I have been in Kampala for the past week. Showing up to Kampala I was a little shell-shocked. There were 40 million cars and 100 million people on the street. It was terrifying. We pulled into the same hotel we stayed at our first night and we all looked at eachother and said "shit". The first day we were in this hotel we thought it was awful. It wasn't clean, the shower pressure sucked, and the food was not good. Pulling into the same hotel a month and a half later, we were in shock of how nice it was. It is not only clean, but we have toilets, mirrors, hot showers (the most satisfying thing of all), and the food (though repetitive) is delicious. Apparently, Gulu has lowered my standards of living by quite a bit.
We went to the Garden City Mall the first day after lectures. We all walked in with faces that probably had the security gaurds saying what the eff is wrong with these poeple. The mall is four stories big and had thai food and indian food and ice cream and a supermarket and spas and a bowling alley and an escalator and a coffee shop that was identical to starbucks. We (or just me, but I will say we so I don't sound like the only idiot) acted like kids who were given 3,000 pixie sticks and then some sugar on the side. I calmed down after I ran around the whole place looking at all the stores.
I can analyze this and think about developed nations and developing nations and why does a place like that exist when there are places like Gulu or Kitgum or any of Northern Uganda. I can sit and think how awful it was that I spent 90,000 shillings that day (around 35 USD) on a facial and really good food, I can even analyze the fact I got so happy by material things. This program causes a lot of self-introspection along with a lot of thinking of your surroundings (I think that would occur with or without the SIT program). I rationalize that day by saying this... 1) Garden City exists even though Northern Uganda is in shambles because there is money in Kampala because of corruption, tourism, and corruption. 2) It is not awful to spend 90,000 shillings because who wouldnt want a facial and really good Indian food. All I can do is be greatful that I can do that. And no, (I am now talking to myself who thinks it would have been better to not spend the money and give it away) I am not bad for not giving that money to the homeless person infront of Garden City because had I given that money it owuld have sustained that person for maybe 3 months and created a dependence thought process (not that one donation of 90,000 would do that, but it encourgaes the idea). There are many more reasons for why it is not awful and I would love to discuss them with anyone who would want to discuss them. 3) Material goods do provide a sense of happiness... I lived without them for a month and half and I was happy, I got them for a day and I was happy. It is a different kind of happiness that yes, you can loose yourself in, or enjoy for one day and then make a rule not to go backk until the last day to have a fancy dinner with your study abroad group on a revolving restaurant that overlooks the city of Kampala.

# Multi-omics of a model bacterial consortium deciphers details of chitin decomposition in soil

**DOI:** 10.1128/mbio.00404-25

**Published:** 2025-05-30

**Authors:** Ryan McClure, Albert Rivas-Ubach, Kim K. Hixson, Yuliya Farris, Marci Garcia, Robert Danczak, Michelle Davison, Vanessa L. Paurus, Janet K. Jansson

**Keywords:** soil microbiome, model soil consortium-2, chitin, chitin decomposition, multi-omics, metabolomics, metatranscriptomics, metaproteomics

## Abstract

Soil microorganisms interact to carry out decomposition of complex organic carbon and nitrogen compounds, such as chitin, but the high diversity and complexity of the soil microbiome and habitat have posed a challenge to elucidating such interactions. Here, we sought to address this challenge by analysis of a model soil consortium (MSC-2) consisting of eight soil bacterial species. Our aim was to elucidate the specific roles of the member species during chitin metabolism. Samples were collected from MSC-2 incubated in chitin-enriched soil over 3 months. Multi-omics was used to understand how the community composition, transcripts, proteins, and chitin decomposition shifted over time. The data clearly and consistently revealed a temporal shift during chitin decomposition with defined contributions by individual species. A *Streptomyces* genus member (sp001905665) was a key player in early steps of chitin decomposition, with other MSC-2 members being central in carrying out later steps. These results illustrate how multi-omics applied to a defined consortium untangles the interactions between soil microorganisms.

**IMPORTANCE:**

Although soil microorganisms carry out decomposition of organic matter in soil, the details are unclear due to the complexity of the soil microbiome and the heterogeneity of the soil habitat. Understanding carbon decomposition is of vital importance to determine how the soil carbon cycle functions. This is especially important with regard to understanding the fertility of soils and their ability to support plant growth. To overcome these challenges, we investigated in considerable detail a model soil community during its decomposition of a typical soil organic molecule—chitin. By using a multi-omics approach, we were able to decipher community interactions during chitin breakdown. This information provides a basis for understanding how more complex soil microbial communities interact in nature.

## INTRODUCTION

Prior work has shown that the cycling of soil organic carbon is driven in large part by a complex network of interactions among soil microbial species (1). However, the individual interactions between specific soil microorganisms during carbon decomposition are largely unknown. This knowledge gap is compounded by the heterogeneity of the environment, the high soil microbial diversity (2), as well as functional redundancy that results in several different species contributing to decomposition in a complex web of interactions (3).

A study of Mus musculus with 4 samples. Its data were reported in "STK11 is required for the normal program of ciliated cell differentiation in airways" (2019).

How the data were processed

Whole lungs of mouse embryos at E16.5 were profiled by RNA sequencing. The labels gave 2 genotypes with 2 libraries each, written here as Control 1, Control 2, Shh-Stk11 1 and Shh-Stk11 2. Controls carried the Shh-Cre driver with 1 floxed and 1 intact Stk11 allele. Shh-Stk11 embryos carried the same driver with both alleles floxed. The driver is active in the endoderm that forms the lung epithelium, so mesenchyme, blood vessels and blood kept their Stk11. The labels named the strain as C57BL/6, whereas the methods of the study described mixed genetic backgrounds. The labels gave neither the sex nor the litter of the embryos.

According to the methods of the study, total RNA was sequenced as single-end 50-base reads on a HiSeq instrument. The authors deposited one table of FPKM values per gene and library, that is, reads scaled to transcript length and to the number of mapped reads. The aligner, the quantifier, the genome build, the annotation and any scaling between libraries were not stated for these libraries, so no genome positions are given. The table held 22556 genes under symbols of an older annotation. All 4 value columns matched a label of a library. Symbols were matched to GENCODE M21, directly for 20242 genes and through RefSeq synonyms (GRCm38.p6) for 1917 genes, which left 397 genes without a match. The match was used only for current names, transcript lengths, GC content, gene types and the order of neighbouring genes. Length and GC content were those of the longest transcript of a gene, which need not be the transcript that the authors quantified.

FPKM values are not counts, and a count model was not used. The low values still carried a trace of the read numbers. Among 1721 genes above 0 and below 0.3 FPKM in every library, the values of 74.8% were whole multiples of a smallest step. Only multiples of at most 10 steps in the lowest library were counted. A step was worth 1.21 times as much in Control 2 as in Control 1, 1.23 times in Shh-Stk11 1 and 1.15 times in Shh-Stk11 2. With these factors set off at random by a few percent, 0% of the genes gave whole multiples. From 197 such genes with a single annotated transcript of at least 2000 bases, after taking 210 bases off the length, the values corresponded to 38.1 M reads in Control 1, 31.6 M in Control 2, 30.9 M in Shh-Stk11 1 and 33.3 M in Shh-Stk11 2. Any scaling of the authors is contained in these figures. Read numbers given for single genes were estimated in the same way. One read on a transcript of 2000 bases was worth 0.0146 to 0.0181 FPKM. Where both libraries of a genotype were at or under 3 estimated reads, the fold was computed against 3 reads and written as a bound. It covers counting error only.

We leave to Mbarara(sp?) tomorrow to look at refugee camps. Fun stuff.
Btw... Obama sent 100 US troops to Uganda to fight Kony. Kony and the LRA are not in Uganda... I see a problem with this logic. Maybe... the US sent 100 US troops to keep Al Shabab in Somalia and maybe they are here to check out the huge oil supply found in Northern Uganda. Good ol' Musevini has been fighting the war in Somalia for the US for quite some time. Recently, Al Shabab has gotten a little crazy and attacked refugee camps in Kenya... and recently the US sent 100 troops. Maybe there is not a connection to the oil and Al Shabab.... but I think it is worth asking why 100 troops were sent to Uganda when the target is in the Congo.